DSHS receives two-year federal grant to enhance food benefit accuracy
OLYMPIA — The Department of Social and Health Services recently received nearly $700,000 from the U.S. Department of Agriculture to continue its ongoing work of detecting and preventing food benefits fraud. Washington is one of nine states awarded the two-year grants, which are intended to help increase the accuracy of household Supplemental Nutrition Assistance Program, or SNAP, benefits and protect taxpayer dollars.
“Our state has long been recognized as a leader in food benefits accuracy and fraud detection,” said DSHS Secretary Cheryl Strange. “We’re proud to receive this grant, which allows us to continue to develop innovative ways to ensure the continued integrity of this vital program, and to increase fraud prevention without reducing crucial access to food for Washington residents.”
The funds will create a database and dashboard, two additional tools in a cross-agency partnership that supports building measures to detect fraud proactively and improves the use of data analytics to monitor and predict potential incidents of food benefits trafficking.
“This injection of necessary funding supports just one of many strategies DSHS employs to maintain accurate, timely and efficient access for its clients every day,” explained Deborah Doyle, director of the DSHS Division of Program Integrity, which, together with the Office of Fraud and Accountability, will manage the grant work. “In these troubling economic times, creative approaches are even more necessary.”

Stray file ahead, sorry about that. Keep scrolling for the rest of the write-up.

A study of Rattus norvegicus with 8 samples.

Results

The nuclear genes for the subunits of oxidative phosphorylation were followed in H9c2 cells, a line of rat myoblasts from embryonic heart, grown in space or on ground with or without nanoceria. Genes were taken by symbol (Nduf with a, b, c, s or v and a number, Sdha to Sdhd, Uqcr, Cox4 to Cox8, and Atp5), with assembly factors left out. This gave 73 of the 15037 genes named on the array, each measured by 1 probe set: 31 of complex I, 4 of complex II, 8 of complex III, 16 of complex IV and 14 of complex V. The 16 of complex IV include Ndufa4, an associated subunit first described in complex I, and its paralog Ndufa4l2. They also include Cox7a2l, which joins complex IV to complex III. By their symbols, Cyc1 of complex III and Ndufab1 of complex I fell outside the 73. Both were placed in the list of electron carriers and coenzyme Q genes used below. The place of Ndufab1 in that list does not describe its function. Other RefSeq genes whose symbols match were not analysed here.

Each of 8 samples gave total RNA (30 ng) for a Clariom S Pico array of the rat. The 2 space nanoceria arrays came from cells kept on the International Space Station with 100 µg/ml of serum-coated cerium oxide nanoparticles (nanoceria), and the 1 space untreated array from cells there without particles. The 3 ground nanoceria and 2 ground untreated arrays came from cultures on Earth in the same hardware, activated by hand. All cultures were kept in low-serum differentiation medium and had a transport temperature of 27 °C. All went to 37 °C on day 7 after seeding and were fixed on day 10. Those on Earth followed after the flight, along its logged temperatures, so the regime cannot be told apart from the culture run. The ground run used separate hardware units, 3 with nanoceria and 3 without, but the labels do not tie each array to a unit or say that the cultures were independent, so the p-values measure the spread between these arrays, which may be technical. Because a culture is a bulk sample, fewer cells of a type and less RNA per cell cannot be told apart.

Together with the agency’s Community Services Division, which administers SNAP benefits, these DSHS offices work together on prevention, implementing improvements and making investigation referrals. They also work with county prosecutors as well as local state, federal and international law enforcement agencies, when necessary, to maintain a strong, multifaceted approach to fraud that also includes prosecution and cost-recovery.
“This grant allows us to continue testing ideas and developing best practices around SNAP fraud prevention and detection, which is part of our foundational work of being good stewards of taxpayer dollars,” said Steve Lowe, director of the DSHS Office of Fraud and Accountability.
Washington’s grant total is $698,947 and runs Sept. 30, 2020 to Sept. 30, 2022. Eight other states also received SNAP Fraud Framework Implementation Grants.
If you suspect food benefits fraud, you can report it online or by calling the agency’s 24-hour Fraud Hotline at 800‐562‐6906.